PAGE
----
Multi-Modal Oceanographic Sensing with Hybrid Soft Electronic Skin

Lead PI:  Carmel Majidi, Carnegie Mellon University
Start Year: 2018 | Duration: 3 years
Partners: Lifeware Labs, LLC

The objective of this project is to engineer and validate a “hybrid” soft electronic skin for multi-modal oceanographic sensing. The hybrid architecture will combine materials and technologies in CMOS/MEMS-based microelectronics with emerging paradigms in soft-matter electronics. The result will be a thin and elastic sensor array that can cover the surface of a diver suit, diver equipment, autonomous underwater vehicle (AUV), or marine organism without constraining the natural mechanics of the host. In general, the hybrid microchip-integrated soft circuit would function like an “electronic sticker” or “tattoo” that would augment the native sensing modalities of the host system without requiring costly, labor intensive hardware alterations. When integrated into a diver suit or used for animal tagging, the circuit could also be used to make intimate contact with soft tissue and perform physiological monitoring.

Goal: Soft electronic skin that enables underwater vehicles, divers, and soft robotic platforms to explore their environment through multi-modal sensing and vision. These sensorized films will incorporate digital ICs and novel sensing architectures, conform to arbitrary 3D surfaces, remain functional under water, and interface through wired or wireless connections.

Efforts in this project will primarily focus on (i) multi-modal functionality, (ii) large area coverage, and (iii) robust wireless interfacing for underwater autonomous vehicles, diver equipment and suits, and soft robotic end effectors. The proposed research objectives will be accomplished by pursuing the following technical aims:

  • Task 1: Electronic skin fabrication – Design, fabrication, and testing of soft stretchable circuits that can conform to irregularly-shaped 3D surfaces over a large area; on-board microelectronics for sensing, vision, signal processing, memory, and data transmission; compatible with diver suits and soft robotic systems;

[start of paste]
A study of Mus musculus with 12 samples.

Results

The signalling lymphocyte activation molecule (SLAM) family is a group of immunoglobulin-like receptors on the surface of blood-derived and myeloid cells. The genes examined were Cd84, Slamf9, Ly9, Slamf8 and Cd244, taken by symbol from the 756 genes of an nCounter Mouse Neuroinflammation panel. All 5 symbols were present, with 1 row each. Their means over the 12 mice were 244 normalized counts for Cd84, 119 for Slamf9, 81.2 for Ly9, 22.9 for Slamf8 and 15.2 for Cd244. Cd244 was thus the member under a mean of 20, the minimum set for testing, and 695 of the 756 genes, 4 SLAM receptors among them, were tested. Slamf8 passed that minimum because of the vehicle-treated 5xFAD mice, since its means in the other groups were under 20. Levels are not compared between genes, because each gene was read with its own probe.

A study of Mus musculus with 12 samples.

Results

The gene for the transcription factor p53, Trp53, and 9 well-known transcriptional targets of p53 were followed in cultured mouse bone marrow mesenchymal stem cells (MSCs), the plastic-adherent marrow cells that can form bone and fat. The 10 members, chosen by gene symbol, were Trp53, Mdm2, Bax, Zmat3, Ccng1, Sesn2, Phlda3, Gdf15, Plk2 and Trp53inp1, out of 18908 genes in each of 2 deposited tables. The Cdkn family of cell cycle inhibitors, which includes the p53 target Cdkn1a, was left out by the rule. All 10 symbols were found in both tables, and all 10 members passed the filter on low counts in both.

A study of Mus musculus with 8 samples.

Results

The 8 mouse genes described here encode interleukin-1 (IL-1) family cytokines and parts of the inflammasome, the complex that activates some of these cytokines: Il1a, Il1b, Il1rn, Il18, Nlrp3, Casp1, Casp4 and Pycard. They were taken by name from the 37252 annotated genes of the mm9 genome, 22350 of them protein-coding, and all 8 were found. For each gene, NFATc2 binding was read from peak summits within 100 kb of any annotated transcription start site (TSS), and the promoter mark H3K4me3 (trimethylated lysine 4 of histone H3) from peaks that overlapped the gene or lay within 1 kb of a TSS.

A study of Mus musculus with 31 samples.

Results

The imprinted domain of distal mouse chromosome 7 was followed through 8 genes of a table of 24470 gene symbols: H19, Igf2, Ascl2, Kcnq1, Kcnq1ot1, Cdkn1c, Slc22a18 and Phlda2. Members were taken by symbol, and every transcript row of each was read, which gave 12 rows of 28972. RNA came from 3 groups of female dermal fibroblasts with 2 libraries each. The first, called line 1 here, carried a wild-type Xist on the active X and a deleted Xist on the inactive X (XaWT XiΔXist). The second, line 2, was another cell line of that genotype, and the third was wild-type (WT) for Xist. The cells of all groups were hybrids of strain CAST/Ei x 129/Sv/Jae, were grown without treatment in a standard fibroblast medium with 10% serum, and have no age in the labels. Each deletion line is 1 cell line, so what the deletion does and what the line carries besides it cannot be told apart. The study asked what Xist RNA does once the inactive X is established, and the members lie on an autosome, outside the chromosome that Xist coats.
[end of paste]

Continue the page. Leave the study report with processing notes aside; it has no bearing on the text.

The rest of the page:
• Task 2: Interfacing & Underwater Evaluation – Incorporation of electronic skins into autonomous underwater vehicles (e.g. Bluefin HAUV), divers suits, and soft robotic end effectors. We will perform shallow-water (3m) validation of surface-mounted sensing skin on selected host systems using the water tank testing facility in the CMU Field Robotics Center. If possible, we also plan to perform harbor-site testing in Y3.
  • Task 3: Novel Soft Sensors – Utilize techniques in soft-matter engineering developed by the Integrated Soft Materials Lab (PI: Majidi) to engineer novel material architectures capable of new physical, chemical, and biological sensing. As necessary, sensors will incorporate soft microfluidics, photonics, and chemically-responsive materials. An area of special focus will be the development of “electronic tattoos” that are ultrathin and naturally adhere to the skin of a marine organism without the need for glue.

Impact on Oceanography – As in other fields of Earth science, oceanography largely depends on rigid hardware for scientific instrumentation, sample collection, signal processing and transmission, and device mobility. While such hardware is adequate for a wide range of tasks in oceanographic mapping and forecasting, it is limited in its ability to physically interact with marine life or maneuver in highly confined spaces. The proposed research will advance oceanographic research by accelerating progress in “soft-matter technologies” that overcome the limitations of rigid hardware by matching the size, density, and mechanical compliance of natural marine organisms. This is particularly enabling for animal tagging and sensing – i.e. the proposed electronics are adequately soft, lightweight, and robust so that they can collect physiological and environmental data over an extended time period without interfering with the animal’s natural physical behavior. In the longer term, these technologies could be incorporated into marine-inspired soft robots that could accurately track the behaviors and environmental conditions of their natural counterparts.